Fife: A New Scotch Whisky Kingdom Rises
Islay, Speyside, Campbeltown… and Fife? Once a malt whisky wasteland, the Kingdom of Fife is now arguably one of the most exciting and diverse whisky-making regions in Scotland. Richard Woodard takes a tour for WhiskyInvestDirect…
Those desperate to get their hands on the latest single cask release from Fife distillery Daftmill, had to enter a ballot on the website of wine and spirits merchant Berry Bros & Rudd by yesterday (Thursday 23 March).
The few – less than 200 – lucky enough to be plucked from the hat will get the chance to pay £155 for one bottle of single malt whisky distilled in 2010. Daftmill is fast becoming a cult distillery – and a standard bearer for the emerging whisky destination of Fife.
Strictly speaking, that should be 're-emerging', for the Kingdom of Fife was home to a handful of whisky distilleries during the late Victorian whisky boom – but none lasted beyond the 1920s, with one notable exception.
Diageo's vast Cameronbridge plant, which will celebrate its bicentenary next year, not only provides grain spirit for celebrated blends including Johnnie Walker, J&B, Bell's and White Horse, but also produces the spirit for Gordon's and Tanqueray gin, as well as Smirnoff vodka in the UK.
Beyond this distilling colossus, however, the peninsula has spent most of the past century being ignored by whisky lovers. Not any more.
Between Daftmill opening in 2005 and releasing its first whisky in 2018, four more Fife distilleries have started production: Eden Mill at St Andrews (2012), nearby Kingsbarns (2014), InchDairnie on the outskirts of Glenrothes (2015) and historic Lindores Abbey (2017). Another, Knockhill, was recently granted planning permission.
Nominally, these are all Lowland whiskies, according to the five regions outlined in the Scotch Whisky Regulations 2009, and you'll see the L-word displayed on some Fife whisky labels. But don't tell that to Ian Palmer, MD of InchDairnie.
"All our whiskies will be Fife single malt/grain Scotch whisky," he growls. "They will never be Lowland, not on the bottle, not on the label, not in the adverts, not on social media, not anywhere, no debate, no discussion, decision made.
"Lowland is meaningless to the consumer, it has no relevant identity … Lowland has a lot of negativity about it; it has a negative prefix – Low- – for a start. Historically, it was where spirit for the English trade was produced. Many journalists still write about it as an afterthought, a place where very few distilleries remain – they all closed down. By implication, not a very good place to make whisky. The opposite is very much the truth, but mud sticks. The Lowland region needs to be broken up."
For a relatively small area, however, Fife is a broad church in whisky terms, and others are more relaxed about the Lowland moniker.
"I guess the commonality [in Fife] is the light single malts with intense, fruity flavour we have been striving to produce at Kingsbarns," says William Wemyss, MD of Kingsbarns and bottler Wemyss Malts."[That is] obviously typical of the wider Lowland region more generally."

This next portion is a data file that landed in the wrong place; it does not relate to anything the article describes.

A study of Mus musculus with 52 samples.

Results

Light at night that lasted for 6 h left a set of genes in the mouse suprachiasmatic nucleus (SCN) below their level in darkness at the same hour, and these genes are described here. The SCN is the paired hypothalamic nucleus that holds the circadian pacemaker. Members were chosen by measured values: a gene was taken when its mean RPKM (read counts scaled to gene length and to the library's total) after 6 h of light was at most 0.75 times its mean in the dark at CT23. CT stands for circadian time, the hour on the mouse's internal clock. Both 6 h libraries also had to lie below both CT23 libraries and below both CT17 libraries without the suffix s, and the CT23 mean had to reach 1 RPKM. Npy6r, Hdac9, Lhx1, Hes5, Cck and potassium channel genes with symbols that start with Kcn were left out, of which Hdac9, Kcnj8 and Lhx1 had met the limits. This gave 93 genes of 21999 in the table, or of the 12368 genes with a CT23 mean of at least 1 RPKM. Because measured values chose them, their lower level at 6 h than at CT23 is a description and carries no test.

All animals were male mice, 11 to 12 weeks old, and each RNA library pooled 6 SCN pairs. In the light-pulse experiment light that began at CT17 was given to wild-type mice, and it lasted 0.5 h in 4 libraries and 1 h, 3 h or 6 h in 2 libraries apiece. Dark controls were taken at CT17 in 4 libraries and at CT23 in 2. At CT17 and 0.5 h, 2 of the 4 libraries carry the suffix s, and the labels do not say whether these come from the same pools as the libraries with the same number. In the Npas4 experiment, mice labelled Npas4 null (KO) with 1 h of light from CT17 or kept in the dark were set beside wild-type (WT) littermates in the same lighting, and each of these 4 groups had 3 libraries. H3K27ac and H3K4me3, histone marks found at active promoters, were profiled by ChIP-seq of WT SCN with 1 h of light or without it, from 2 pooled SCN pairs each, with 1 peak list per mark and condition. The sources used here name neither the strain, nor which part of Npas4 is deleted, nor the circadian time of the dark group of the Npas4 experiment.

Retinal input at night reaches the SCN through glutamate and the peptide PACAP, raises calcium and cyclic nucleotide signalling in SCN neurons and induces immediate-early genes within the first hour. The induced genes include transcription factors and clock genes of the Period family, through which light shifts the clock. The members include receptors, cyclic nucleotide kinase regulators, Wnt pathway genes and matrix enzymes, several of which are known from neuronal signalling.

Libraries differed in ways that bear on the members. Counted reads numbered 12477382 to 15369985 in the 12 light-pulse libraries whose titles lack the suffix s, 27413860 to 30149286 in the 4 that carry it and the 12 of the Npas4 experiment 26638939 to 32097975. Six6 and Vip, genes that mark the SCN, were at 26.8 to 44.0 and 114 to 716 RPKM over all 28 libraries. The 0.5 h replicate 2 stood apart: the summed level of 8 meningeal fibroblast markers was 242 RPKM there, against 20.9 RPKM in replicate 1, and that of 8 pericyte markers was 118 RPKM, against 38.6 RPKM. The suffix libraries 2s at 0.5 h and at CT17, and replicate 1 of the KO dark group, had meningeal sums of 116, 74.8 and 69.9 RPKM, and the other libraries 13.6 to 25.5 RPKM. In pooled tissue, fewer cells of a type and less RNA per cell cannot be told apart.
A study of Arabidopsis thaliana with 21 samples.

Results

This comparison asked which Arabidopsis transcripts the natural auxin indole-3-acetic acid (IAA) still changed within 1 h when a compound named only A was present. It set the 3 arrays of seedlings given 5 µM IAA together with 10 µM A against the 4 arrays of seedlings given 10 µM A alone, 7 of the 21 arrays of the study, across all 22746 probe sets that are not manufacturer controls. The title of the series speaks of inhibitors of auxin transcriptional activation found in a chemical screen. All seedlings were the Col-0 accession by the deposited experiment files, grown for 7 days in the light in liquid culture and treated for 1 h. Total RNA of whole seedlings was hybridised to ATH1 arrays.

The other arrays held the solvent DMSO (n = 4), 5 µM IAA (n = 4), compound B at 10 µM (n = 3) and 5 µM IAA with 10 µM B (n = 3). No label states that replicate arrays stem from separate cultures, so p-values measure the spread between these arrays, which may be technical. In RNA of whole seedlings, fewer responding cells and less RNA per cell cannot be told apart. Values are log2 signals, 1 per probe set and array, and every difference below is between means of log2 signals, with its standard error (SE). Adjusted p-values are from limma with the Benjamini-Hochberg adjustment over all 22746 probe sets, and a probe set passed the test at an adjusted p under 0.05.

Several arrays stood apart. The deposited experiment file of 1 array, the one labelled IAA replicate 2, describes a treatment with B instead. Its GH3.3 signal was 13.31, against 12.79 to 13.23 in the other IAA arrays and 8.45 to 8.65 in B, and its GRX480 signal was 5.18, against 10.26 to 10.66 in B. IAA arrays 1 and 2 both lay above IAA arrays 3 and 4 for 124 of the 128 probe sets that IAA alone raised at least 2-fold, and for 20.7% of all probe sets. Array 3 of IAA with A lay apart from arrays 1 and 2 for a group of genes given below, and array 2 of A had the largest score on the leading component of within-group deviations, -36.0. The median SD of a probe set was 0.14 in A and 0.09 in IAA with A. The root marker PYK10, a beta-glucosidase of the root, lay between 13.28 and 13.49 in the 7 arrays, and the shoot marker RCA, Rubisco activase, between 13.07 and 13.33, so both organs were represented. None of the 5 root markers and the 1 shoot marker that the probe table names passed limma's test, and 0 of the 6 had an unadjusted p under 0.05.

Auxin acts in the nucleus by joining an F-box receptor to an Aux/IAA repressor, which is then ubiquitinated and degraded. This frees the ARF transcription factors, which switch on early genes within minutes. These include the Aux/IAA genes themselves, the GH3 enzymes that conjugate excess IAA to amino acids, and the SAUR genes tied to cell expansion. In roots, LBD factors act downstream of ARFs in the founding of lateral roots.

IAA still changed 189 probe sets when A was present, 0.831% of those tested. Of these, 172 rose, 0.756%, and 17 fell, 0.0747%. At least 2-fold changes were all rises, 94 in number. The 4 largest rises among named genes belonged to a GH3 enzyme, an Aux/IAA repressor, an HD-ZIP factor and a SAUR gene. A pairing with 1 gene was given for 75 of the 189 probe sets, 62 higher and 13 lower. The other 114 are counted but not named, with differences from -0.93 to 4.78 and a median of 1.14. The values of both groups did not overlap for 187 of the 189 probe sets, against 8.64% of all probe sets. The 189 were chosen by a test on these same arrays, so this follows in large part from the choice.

In truth, what unites the distillers of Fife is, paradoxically, their individual determination to follow their own path.
That encompasses everything from Daftmill's single estate ethos to Lindores Abbey's historical links, Eden Mill's alliance to St Andrews – and InchDairnie's old-school, long-term business model. The distillery's homepage hosts a countdown clock, coyly captioned: "Our first single malt may be unveiled in 2029."
"It's great being in the Kingdom of Fife, but we're all doing our own thing," says Drew McKenzie Smith, Lindores Abbey Distillery MD. "I think, unfairly, there is or was a perception that Lowland whiskies were a little light and seen as entry-level – but those days are gone."
Scott Ferguson, head distiller at Eden Mill, agrees, describing his whiskies as "the perfect blend of Lowland style with Highland heart" – in other words, more robust than the light Lowland cliché. "Today, Eden Mill is amongst a collection of distilleries in Fife who are bridging the gap between the traditional regions," he argues.
Another unifying factor is provenance. Lindores has always used Fife barley, and has now narrowed its sourcing to within half a mile of the distillery; Daftmill is a single estate whisky; InchDairnie and Kingsbarns both make much of their "Fife only" sourcing ethos.
And there's more to come. More distilleries – it's highly unlikely that Knockhill will be the last – and more whiskies, from the recent launch of Kingsbarns' flagship 'Doocot' malt to the imminent release of RyeLaw, InchDairnie's Fife take on American rye.
Meanwhile, Eden Mill is building a new £8m distillery and visitor centre on the banks of the Eden estuary, due to open in 2024, following a cash injection from a new majority stakeholder, private equity business Inverleith LLP.
All of these individual efforts coalesce during the annual Fife Whisky Festival in early March. The recently-held fifth edition attracted 700 whisky lovers to tastings and masterclasses and, while it's an inclusive event that showcases whisky from all over Scotland, there's an unmistakable Fife accent to proceedings.
That aside, the Kingdom of Fife's distilleries will continue doing their own thing, carving out their own individual and collective niche in the larger Scotch whisky universe. "I don't think we want a unifying theme to our whisky-making – we are all independent, and independent of mind," says Ian Palmer. "The key is provenance: a sense of place, an identity. Something that is very important today when so much is bland, homogenised, just a label."
Richard Woodard has been writing about spirits and wine for 20 years, editing and contributing to a number of magazines and websites, including Decanter, The Spirits Business, just-drinks.com and Club Oenologique. He was also one of the founding editors of Scotchwhisky.com.